The situation in Dundee is “something to watch rather than something to be worried about”, said Rowland Kao, chair of veterinary epidemiology and data science at Edinburgh University.
The seven-day case rate in Dundee city was 318 per 100,000 people as of June 15, compared to 233 in South Ayrshire, the area with the next highest rate.
The figure for Scotland as a whole was 128.
It comes amid an escalating row between Nicola Sturgeon and Manchester mayor Andy Burnham, after the Scottish Government imposed travel restrictions on Manchester and Salford.
Mr Burnham called the rules inconsistent and unfair, in a letter to Ms Sturgeon on Monday, as no restriction had been placed on Dundee.
The seven-day positive rate in both Manchester and Salford was 340 on June 15.
Bolton, where Scots are also banned from travelling, had a case rate of 269.
Prof Kao said he could not comment on the restrictions on Manchester, Salford and Bolton, as he did not have access to the necessary data.
But he said Scots should not be “alarmed” about the situation in Dundee.
Travel restrictions may depend on more factors than just case numbers, he said.
"The reason why you impose travel restrictions is you’re trying to slow down the spread to other areas,” he said, adding it was “hard to judge when that’s appropriate”.
There is “no evidence” of a need for restrictions in Dundee, he stressed.
Prof Kao said: “If an area is completely clean of infection, then the biggest risk is bringing it in from outside. But there comes a point when the biggest risk is people spreading it locally.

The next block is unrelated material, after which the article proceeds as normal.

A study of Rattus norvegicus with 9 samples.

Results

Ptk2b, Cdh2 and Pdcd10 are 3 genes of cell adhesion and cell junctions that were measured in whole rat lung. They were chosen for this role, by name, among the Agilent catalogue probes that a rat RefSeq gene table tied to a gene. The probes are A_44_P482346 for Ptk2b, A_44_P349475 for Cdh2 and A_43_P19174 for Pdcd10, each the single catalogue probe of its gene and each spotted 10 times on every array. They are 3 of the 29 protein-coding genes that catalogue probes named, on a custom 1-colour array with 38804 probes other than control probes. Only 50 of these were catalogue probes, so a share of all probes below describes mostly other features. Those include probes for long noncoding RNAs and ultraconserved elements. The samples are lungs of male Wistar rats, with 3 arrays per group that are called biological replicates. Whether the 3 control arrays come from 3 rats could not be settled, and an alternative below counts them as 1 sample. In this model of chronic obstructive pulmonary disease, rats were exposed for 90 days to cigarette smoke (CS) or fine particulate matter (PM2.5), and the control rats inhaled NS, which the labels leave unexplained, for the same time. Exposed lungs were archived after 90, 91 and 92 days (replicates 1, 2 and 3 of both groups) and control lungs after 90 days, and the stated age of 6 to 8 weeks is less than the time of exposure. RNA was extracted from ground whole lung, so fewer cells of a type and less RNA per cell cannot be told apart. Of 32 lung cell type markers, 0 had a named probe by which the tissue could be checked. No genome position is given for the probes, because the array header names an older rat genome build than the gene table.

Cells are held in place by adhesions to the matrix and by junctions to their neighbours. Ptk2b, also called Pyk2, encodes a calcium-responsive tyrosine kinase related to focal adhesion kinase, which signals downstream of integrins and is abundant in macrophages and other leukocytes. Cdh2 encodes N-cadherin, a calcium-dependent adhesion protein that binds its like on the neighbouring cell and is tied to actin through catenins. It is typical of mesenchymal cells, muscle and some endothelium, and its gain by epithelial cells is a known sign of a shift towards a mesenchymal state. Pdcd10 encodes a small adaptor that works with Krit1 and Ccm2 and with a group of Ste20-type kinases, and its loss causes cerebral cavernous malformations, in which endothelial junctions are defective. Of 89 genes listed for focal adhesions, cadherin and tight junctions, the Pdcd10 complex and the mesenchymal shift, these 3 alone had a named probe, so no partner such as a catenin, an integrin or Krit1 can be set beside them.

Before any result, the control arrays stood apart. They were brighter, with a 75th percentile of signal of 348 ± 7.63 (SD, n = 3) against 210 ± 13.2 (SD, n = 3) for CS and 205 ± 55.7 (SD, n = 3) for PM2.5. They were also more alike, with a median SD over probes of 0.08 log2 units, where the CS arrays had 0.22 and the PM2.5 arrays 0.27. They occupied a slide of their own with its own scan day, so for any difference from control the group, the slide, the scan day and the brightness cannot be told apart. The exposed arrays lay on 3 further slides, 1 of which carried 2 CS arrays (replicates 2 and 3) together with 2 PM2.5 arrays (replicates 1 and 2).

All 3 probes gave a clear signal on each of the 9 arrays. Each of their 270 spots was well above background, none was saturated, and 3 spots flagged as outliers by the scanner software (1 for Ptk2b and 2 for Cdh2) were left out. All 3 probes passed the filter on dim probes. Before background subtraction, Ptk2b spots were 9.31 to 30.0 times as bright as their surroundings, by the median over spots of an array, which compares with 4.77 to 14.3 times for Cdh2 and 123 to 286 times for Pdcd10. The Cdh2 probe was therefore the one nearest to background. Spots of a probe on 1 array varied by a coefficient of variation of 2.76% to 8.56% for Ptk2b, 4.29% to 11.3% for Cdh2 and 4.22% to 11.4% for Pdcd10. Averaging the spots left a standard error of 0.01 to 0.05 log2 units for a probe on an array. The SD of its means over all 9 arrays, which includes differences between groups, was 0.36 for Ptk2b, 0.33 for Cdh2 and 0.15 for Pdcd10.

"That’s why travel restrictions into and out of the country, and between regions, tend to go on and off at different times, not necessarily when you would expect. It’s about the relative risk.
"You’re also balancing that against how much [travel restrictions] affect people’s lives and businesses.”
He added: “You can apply the same logic to the variants. If there are very low levels of the variant in one region, the most important thing is to try to keep it out and to slow down the spread.
"Once the level of the variant goes up to a certain level, there’s almost no point in restricting those kinds of movements any more, you’re better off reducing the amount of local transmission.”
There are a combination of factors behind higher case rates in Dundee for some time, he said, including student population, deprivation, working conditions and population density.
NHS Tayside director of public health Dr Emma Fletcher said case rates in Dundee had stabilised over the past few days.
She said: “However, it does remain high and we are seeing an increase in the number of people needing medical care and hospital admissions.”
The health board distributed 2,500 home testing kits last week and is offering drop-in vaccinations for over-30s.
“The increase in the number of positive Covid-19 cases reminds us that the virus has not gone away and that we should all do our bit to help break the chain of infection,” said Dr Fletcher.